Both nationals are way too hard. When even the top teams are only getting 17-18 PPB, it shows just how inaccessible the questions are for the middle of the pack. One assessment that I’ve often seen online and concur with is that the middle parts are too hard. I think it would be a better playing experience for the average PPB to be shifted upward significantly. The average PPB at ACF Nationals 2019 was 13.18. I think that upping this to 16 or 17 would increase bonus involvement significantly. If making the questions more accessible interferes with their ability to differentiate between the top tier of teams, then just make the playoff/superplayoff packets harder.
It’s important for there to be a nationals or a championship or something to look forward to at the culmination of the season, or else there’s no real competitive motivation behind studying and going to regular season tournaments. Right now, due to the difficulty of the questions, the “peak” of the season isn’t very appealing. It doesn’t feel like a goal to look forward to, at least for new players like myself; it’s more of an ordeal that I’m already beginning to dread despite not even having started college quizbowl. I realized how much such a culmination means for my competitive mindset recently due to the COVID-19 outbreak posing a threat to PACE and HSNCT. I basically lost all will to study, because it didn’t feel like I’m working towards a goal. Furthermore, current high school seniors like myself only have college quizbowl to play after this year, which as expounded in this wall of text, is an unsettling environment for many of us.
The question difficulty and the lack of an end-of-season goal are some of the main reasons why there are so many DII one-and-dones. It becomes difficult to be casually involved in quizbowl but still retain a competitive spirit at tournaments. The lack of a goal makes studying feel like a waste of time, but you have to study in order to stand a fighting chance on such difficult questions.
Another reason for the existence of an undergraduate championship is the fact that most top teams are primarily led by graduate students, some of whom have been playing quizbowl since I was a toddler. Competing against players who have a decade of experience is already daunting, but they’re also like 30, which adds a weirdness factor to it all. They’re old enough to be my father. However, I’m not saying that they should be completely shut out from the community--many grad students fill important community roles that they wouldn’t be involved with were they not actively playing. But I think that there needs to be a significant part of the tournament schedule that is undergraduate-only.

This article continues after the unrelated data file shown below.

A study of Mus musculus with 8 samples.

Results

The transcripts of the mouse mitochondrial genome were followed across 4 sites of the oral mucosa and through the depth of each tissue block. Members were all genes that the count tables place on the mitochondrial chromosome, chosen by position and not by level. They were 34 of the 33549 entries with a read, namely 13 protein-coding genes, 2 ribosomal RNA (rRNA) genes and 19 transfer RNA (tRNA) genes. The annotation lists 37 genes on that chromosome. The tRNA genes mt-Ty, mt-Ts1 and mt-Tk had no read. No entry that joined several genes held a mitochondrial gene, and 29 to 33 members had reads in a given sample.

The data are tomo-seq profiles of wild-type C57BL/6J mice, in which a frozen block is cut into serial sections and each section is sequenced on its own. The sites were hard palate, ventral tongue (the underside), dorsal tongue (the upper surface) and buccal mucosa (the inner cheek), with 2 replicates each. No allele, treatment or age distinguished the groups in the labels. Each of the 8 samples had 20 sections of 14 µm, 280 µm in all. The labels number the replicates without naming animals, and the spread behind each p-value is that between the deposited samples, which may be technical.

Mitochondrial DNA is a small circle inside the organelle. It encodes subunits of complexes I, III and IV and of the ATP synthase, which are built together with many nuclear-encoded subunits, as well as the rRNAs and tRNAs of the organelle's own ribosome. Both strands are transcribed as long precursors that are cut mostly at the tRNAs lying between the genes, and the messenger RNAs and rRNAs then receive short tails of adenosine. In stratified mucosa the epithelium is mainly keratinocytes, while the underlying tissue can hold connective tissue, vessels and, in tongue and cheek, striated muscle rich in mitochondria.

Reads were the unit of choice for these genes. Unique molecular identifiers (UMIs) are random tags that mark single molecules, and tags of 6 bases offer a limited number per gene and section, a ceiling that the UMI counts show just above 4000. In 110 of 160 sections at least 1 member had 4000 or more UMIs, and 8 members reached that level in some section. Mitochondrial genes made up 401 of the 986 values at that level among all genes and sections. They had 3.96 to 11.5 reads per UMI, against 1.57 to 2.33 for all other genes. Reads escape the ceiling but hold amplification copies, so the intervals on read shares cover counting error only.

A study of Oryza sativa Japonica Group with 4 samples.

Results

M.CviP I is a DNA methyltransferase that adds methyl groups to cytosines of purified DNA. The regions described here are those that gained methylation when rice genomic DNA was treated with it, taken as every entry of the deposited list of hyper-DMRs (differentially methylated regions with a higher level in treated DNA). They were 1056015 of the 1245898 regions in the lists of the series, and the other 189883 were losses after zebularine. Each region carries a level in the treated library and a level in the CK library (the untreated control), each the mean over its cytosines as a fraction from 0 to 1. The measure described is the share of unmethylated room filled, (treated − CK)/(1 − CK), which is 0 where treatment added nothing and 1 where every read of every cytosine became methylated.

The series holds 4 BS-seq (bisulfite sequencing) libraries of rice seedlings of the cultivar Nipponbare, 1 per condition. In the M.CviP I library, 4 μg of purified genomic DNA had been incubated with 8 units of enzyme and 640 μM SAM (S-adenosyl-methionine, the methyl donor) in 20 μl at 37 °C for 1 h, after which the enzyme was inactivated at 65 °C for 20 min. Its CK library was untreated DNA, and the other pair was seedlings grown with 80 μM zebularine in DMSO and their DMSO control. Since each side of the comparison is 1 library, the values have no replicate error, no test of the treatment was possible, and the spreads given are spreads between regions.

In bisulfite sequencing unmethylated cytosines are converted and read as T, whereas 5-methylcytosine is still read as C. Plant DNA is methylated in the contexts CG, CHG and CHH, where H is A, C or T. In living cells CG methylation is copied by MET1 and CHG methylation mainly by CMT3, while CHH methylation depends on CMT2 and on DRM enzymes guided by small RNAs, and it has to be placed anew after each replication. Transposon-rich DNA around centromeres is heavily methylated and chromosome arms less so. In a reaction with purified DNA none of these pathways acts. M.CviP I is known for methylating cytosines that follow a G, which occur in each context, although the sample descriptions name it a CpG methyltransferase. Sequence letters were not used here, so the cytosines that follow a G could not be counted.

With regards to the implementation of this change, there are several options. One of which would be to turn the current DII for ICT into a full undergraduate championship, with the question difficulty being roughly that of the current DI SCT or a bit higher. Alternatively, ICT as a whole could be an undergraduate-only tournament and keep the current DI/DII distinction, with ACF Nationals being the “graduate championship,” open to both undergrads and graduate students. If organizations are (understandably) averse to systematic changes, I would suggest just making the questions easier. Lowering down both ICT and ACF Nationals to what is currently a 3 or 3.5 on the Ophir scale, at least for the preliminary rounds and lower consolation brackets, would accomplish this goal.
Overall, my goal with this post is to draw attention to how many players stop playing after high school due to the difficulty hike and the lack of a real nationals accessible to casual players after they’ve played DII ICT. The regular season sets are already beginning to accommodate a wider audience, with even more undergraduate-only or regs- sets being written than in previous years. EFT in particular has done a good job of being accessible for novices yet challenging for the top tier of players. But it doesn’t matter how easy the transition is into college quizbowl if the overwhelmingly difficult tournaments that are college nationals are what lie at the end of the road. I think that it’s time that nationals became a more feasible goal for the average player rather than accommodating the preferred difficulty of the most elite players.
But if that’s not enough, here are some quotes from current high school seniors:
“Well, I haven’t really looked at college quizbowl. But it is pretty daunting when players have been there for so long making it impossible for new players to succeed. Add in the relative impossible difficulty compared to hs nats to hs regs, and college qb seems like it requires an insane amount of effort for an undergrad student to be competitive with people who have been playing for years and years. I just don’t have that incentive to focus that much time.”
"College players often like to throw in the idea of ‘would this exist in literally any other activity’ when the question about for example letting high schoolers play up is bandied about. Well let's apply the same standard here. Would college basketball have men in their 30s competing against 19 year old college freshmen? Do college swimmers play as long as they keep staying in school? It's time to improve the professionalism of our activity and make college qb normal"
TL;DR: College nats aren’t a fun goal to work towards in the same way that hs nats are.“The high entry barrier into college qb is quite demoralizing for people new to the game (even to medium-to-high level hsers who have spent quite some time playing the game), and introducing a true undergraduate championship would give people outside the uberelite a chance to fight for a title without having to get stomped by people who have played the game for over a decade.”